Media Outlets Discuss Coronavirus Death Rate, Severity, Transmission
Los Angeles Times: How deadly is the new coronavirus? Scientists race to find the answer
“Of all the questions scientists hope to answer about the new coronavirus sweeping across the globe, the most pressing is this: How deadly is it? The only way to know is to figure out how many people have been infected — and that’s the real challenge. More than 60,000 infections have been confirmed, but experts are certain there are at least tens of thousands more. Some cases haven’t been counted because patients didn’t have biological samples sent to a lab. Some never saw a doctor, and others had such mild symptoms that they didn’t even know they were sick. Without a true picture of the total number of cases, it’s impossible to calculate a fatality rate. That’s why scores of epidemiologists and mathematicians are working to solve one of the most complex modeling problems of their time…” (Baumgaertner, 2/12).
MedPage Today: No Coronavirus Vertical Transmission in Early Study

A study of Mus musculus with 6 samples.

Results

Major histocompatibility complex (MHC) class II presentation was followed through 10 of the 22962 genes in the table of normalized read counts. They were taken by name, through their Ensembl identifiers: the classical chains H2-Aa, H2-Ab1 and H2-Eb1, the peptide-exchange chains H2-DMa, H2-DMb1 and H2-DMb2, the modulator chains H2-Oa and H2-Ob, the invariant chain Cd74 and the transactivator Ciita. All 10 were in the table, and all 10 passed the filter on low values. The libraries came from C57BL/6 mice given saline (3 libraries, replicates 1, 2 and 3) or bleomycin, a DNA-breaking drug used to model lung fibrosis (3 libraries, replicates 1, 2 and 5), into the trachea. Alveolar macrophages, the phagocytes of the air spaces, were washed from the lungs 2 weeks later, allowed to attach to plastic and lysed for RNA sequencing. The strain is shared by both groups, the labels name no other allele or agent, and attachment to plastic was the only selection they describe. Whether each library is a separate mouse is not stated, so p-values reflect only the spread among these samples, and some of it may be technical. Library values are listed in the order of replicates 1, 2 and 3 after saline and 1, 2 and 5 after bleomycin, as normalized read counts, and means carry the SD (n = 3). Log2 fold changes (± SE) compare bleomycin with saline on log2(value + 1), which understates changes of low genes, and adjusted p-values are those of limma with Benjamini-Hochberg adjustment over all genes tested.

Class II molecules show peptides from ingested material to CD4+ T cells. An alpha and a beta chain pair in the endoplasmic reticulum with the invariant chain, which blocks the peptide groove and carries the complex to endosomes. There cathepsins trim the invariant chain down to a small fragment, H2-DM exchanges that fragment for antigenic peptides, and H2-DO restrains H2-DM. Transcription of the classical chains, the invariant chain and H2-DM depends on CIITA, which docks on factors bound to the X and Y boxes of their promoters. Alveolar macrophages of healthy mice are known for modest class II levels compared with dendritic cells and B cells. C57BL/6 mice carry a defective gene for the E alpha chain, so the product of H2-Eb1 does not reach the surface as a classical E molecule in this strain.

“Findings from nine late-stage pregnancies in which the mother was infected with the novel coronavirus suggest ‘vertical transmission’ — passing infection from mother to infant in utero — does not occur. In nine pregnant women with laboratory-confirmed COVID-19 pneumonia (the new name for the novel coronavirus infection sweeping China), samples from their infants, including amniotic fluid, cord blood, and a neonatal throat swab, tested negative for the virus, reported Yuanzhen Zhang, PhD, of Wuhan University in China, and colleagues, writing in The Lancet…” (Walker, 2/12).
Washington Post: Most coronavirus cases are mild, complicating the response
“The coronavirus has killed more than 1,300 people, brought a huge swath of central China to a standstill, and rattled millions around the globe with hints of a pandemic seen in Hollywood fantasies. But the virus’s destructive potential has overshadowed one encouraging aspect of this outbreak: So far, about 82 percent of the cases — including all 14 in the United States — have been mild, with symptoms that require little or no medical intervention. And that proportion may be an undercount. Health authorities managing the outbreak are trying to understand what that critical fact portends. Are the 60,000 sick people tallied so far just a portion of a vast reservoir of uncounted victims, some of whom may be spreading the disease? And do the mild illnesses reveal characteristics of the virus itself — something that could be useful in crafting a more effective response?…” (Bernstein/Johnson, 2/12).